Lecture 16: Camera & Lenses Cont. (17)

I'm wondering about the relationship between the size of the bokeh and the parameters of the lens. Does the rule holds for other types of light sources as well?


@Sicheng-Pan Here's an article on how different parameters affect bokeh. https://www.digitalcameraworld.com/news/f2-bokeh-battle-how-much-does-sensor-size-affect-background-blur-really


Can we apply bokeh to video? Just wondering if this technique can be used in dynamic setting to produce similar results? If can, do we apply it in each frame of video or there is smarter way in video blurring?


For the out of focus light, they have different levels of brightness and color, so I was wondering whether or not the lens might have some effect on this as well.


I was wondering what is the difference between the circle of confusion and the bokeh. Isn't both of them light spreads or diffracts into onion round shapes?


In my opinion, the circle of confusion talks about light that is still in the depth of field only is blurred. The bokeh, instead, talks about out-of-focus light, which I belive is out of the depth of field. Correct me if I am wrong.


Applying Bokeh to video would be done per frame, which should return a similar result. Could bokeh return different shapes for the lights if multiple lens with different apertures are used?


Why does the shape of the lens aperture translate to the shape of out-of-focus blur? This doesn't seem very obvious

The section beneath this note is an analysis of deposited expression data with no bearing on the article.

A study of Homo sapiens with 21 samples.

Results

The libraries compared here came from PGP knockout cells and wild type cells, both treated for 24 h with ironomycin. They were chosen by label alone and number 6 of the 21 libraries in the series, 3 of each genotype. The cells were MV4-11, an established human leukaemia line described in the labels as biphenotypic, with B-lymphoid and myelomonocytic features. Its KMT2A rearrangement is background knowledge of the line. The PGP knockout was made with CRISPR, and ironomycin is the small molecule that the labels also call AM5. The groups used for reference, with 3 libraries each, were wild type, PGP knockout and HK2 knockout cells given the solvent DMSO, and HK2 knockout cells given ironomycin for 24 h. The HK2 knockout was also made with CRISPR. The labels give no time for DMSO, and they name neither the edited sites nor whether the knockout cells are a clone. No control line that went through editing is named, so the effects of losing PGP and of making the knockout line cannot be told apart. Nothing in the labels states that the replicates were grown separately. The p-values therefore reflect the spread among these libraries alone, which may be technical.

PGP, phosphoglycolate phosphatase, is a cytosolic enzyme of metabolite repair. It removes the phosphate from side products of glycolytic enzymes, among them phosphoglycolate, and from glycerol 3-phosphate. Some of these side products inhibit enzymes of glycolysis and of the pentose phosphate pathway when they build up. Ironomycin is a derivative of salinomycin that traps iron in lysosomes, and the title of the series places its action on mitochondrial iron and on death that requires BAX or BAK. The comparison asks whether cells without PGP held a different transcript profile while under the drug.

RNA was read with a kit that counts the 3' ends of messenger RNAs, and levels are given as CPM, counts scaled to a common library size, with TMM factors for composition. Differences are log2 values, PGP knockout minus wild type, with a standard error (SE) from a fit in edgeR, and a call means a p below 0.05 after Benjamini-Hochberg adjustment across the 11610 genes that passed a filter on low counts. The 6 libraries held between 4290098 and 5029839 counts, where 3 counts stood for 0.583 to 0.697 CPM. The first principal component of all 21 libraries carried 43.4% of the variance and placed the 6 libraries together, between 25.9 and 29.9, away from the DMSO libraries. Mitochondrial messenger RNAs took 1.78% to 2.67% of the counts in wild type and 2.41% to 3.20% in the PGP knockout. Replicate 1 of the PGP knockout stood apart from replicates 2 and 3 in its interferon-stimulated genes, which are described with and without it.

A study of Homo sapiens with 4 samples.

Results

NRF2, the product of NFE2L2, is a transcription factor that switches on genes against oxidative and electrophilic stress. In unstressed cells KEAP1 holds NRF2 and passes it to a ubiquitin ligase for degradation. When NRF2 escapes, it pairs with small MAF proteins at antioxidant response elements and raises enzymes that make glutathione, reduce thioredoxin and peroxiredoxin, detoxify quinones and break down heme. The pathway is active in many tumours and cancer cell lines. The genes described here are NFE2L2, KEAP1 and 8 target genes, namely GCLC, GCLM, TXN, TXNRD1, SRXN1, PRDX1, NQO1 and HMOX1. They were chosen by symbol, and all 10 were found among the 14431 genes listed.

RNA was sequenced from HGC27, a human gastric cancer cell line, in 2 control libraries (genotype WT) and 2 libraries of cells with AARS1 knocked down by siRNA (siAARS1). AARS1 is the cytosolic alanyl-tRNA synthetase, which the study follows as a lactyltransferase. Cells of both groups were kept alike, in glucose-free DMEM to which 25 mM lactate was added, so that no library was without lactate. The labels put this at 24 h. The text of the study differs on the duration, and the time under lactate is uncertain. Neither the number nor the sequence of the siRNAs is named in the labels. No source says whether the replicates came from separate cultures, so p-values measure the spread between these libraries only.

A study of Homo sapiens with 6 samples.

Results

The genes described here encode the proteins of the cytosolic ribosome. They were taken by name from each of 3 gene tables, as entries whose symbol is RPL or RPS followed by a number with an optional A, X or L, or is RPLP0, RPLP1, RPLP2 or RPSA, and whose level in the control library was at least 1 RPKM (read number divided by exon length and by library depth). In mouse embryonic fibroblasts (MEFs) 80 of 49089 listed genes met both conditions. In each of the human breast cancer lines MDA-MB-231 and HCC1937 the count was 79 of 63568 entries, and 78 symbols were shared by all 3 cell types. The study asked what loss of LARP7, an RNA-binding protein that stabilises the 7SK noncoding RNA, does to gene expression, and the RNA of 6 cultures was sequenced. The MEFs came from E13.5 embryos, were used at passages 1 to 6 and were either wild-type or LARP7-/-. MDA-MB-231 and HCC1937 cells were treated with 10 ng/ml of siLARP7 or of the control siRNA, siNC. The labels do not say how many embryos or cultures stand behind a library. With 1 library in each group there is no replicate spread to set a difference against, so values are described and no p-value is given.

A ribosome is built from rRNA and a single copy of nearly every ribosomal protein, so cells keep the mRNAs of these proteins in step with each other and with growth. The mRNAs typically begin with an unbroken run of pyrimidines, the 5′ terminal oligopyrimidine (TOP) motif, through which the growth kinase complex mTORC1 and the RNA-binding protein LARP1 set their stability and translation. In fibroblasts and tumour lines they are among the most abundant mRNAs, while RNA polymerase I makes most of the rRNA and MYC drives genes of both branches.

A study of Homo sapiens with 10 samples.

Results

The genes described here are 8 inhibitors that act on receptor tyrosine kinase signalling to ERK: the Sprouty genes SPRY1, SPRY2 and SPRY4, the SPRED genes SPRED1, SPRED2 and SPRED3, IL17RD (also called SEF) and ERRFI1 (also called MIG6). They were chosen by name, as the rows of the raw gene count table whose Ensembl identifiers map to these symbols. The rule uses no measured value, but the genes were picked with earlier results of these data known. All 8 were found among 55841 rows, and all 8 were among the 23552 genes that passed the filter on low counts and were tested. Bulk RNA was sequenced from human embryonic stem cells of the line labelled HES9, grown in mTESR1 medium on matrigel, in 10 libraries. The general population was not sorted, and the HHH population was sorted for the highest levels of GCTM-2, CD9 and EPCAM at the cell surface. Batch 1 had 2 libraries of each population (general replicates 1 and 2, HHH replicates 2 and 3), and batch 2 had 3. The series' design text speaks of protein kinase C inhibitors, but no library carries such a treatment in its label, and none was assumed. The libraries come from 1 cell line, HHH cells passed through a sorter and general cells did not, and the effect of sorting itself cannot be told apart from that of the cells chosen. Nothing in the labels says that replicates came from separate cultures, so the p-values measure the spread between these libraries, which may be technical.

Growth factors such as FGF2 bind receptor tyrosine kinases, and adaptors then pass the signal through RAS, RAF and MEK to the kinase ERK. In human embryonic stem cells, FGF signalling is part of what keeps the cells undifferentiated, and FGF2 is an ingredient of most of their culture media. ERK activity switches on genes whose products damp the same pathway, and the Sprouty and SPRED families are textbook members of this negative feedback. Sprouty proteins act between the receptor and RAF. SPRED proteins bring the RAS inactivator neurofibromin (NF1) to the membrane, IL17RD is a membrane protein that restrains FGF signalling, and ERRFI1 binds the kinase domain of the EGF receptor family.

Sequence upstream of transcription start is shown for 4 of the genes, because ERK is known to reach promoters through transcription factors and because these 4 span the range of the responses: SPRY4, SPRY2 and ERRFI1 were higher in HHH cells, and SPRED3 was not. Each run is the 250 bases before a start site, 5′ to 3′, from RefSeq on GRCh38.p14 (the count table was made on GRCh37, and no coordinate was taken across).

The bokeh in this image seem to be more or less the same color saturation and transparency. Shouldn't they change and become more of a gradient over thsoe fields as we go out from the center of the bokeh since our "eye" is a point?


It is very cool to think that the out-of-focus lights, i.e. the colored circles in this photo, would be shaped differently if the aperture were not circular. From my understanding, if a star shaped aperture was used, these lights would be stars instead of circles!


Since bokeh is getting a lot of interest, I was curious to see how it's been used in films. It's not surprising to see it in movies, but also in animated movies like Toy Story 4 and Soul to emulate reality. Would be quite interesting to see how we can emulate this like Pixar has done.


I'm wondering if you could just photoshop circles like the ones in this photo to mimic this action of Bokeh and have it look just as realistic? In a sense those circles seem to just exist.